Sunday, July 19, 2009

And that's the way it is...


In truth, I do not remember any specific broadcasts. I wasn't born yet when Kennedy was shot, and I was all of about 3 months old when we landed on the moon. If Cronkite had anything to do with coverage of the 1986 shuttle explosion, I don't really recall. Why bother writing anything then? Two reasons: first, because he is ultimately part of the reason I even thought about broadcasting as a career choice, and second, his presence in our homes was so evident that I ultimately developed an imitation of him.

When I was a kid, Mr. Walter Cronkite appeared on our television screen nearly every night so far as I can remember. We was on so much, in fact, that I had developed a knack for imitating his voice and signature nightly closing. I'm not sure how old I was, but I could not have been more than 5 or 6 when I started and probably 14 or 15 when I stopped (though every once in a while, family members would still ask me to say "And that's the way it is"). Even though I do not remember any specific newcasts, Cronkite was the man we looked to when the world seemed out of place or when the world was celebrating something big. As strange as it may seem, I still manage to throw in a "that's the way it is" when listening to the radio. I had done since I was a kid, so for me, it is just something I do.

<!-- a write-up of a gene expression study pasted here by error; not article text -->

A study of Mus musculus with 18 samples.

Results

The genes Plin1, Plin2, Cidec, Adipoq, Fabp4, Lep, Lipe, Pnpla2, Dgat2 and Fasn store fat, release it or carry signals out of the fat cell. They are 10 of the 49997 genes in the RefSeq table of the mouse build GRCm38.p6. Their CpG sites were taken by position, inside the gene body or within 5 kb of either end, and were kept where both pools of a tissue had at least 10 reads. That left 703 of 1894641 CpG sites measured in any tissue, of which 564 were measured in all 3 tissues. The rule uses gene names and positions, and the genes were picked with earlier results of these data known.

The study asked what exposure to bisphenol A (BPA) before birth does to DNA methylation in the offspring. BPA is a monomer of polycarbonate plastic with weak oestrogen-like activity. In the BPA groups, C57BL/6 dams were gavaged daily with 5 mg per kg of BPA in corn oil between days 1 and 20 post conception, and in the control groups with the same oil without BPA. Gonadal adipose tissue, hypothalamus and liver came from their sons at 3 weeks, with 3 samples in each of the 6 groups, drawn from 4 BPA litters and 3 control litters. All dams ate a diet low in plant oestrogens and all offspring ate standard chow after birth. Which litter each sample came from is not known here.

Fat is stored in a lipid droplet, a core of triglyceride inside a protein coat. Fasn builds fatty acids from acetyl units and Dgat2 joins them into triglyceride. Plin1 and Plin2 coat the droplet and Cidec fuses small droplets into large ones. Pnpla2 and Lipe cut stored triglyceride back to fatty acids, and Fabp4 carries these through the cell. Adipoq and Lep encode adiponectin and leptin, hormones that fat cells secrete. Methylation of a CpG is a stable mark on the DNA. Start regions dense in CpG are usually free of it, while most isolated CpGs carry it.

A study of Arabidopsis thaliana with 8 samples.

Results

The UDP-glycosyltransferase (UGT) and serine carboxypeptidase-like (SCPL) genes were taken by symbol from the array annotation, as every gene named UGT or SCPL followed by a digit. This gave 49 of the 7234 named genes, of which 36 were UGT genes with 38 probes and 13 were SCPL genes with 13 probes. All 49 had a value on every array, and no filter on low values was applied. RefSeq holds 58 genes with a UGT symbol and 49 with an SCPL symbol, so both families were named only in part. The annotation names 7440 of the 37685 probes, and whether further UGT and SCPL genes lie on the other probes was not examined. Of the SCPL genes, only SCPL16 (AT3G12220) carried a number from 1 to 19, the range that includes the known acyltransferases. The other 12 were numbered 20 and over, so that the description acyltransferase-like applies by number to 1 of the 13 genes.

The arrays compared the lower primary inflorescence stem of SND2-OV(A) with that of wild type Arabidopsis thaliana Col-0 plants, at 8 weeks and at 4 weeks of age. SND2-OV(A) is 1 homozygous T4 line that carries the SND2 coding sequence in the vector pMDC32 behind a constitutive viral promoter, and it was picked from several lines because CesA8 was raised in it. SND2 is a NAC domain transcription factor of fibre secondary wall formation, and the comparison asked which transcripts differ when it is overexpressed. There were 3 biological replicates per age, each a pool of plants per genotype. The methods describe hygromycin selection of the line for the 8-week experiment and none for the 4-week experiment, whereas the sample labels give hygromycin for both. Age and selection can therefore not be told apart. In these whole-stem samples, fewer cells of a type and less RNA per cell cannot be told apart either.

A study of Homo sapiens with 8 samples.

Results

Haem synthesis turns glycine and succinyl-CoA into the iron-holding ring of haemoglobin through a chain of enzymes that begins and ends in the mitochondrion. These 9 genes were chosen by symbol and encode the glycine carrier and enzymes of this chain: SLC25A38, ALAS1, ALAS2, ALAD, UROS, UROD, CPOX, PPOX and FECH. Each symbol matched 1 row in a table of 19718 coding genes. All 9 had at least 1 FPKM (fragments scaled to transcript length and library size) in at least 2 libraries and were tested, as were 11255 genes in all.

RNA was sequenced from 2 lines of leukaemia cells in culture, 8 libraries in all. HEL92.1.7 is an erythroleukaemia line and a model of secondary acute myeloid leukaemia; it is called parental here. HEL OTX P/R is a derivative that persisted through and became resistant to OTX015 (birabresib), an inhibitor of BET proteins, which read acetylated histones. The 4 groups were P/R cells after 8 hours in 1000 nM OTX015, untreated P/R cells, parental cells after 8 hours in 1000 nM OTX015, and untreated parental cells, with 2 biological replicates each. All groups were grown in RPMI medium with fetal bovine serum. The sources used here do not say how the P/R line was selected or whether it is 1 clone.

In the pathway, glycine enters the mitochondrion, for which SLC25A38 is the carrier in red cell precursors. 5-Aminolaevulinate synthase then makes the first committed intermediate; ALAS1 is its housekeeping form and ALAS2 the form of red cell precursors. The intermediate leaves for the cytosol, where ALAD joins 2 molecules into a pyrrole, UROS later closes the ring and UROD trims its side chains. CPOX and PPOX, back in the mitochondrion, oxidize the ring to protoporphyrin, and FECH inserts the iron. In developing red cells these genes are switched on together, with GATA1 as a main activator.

When I went to college, I eventually followed the path of radio broadcasting. I eventually became the new director for the college station, and Walter Cronkite was a part of everything I thought news should be - even for a tiny 10-watt radio station. Our job was to report what was happening as concisely as possible, as humanly as possible. And, for a time, we had all of 91 seconds to do it in. Our frequency was 91.1FM, so I came up with the "91 seconds of news" tagline. I don't think it lasted long, though, because there was just too much to say.

While doing the on-air portion of the broadcasting class, I always played the straight man to whatever partner I had - whether it was my brother, "Toucan Sam," or my good friend and co-station manager, Mark "Eddie Wish" Walker. That is not to say I didn't have fun and try to keep things light and fun whenever I could, but I saw our positions in the light that I had grown up with Walter Cronkite in my living room. That is, when it came time to inform our audience, we did it with as much integrity we could gather. Remember, this WAS a college radio station, so we were doing all kinds of things and had all kinds of personalities that shined through the microphones and speakers.

There people in each of our lives that seem to serve as the foundation of particular aspects of our personalities and our beliefs in the way things should be done. For me, Walter Cronkite showed me what kind of broadcaster I wanted to be. And even though life has taken me in very different directions, there are many times that I will be driving down the road, listening to the radio, and I will do my own song introductions and my spins on the news as I listen along. And, even as recently as last week, I can remember listening to a local news story on the radio, and jokingly added "And that's the way it is" after it was over. I will miss him deeply and dearly.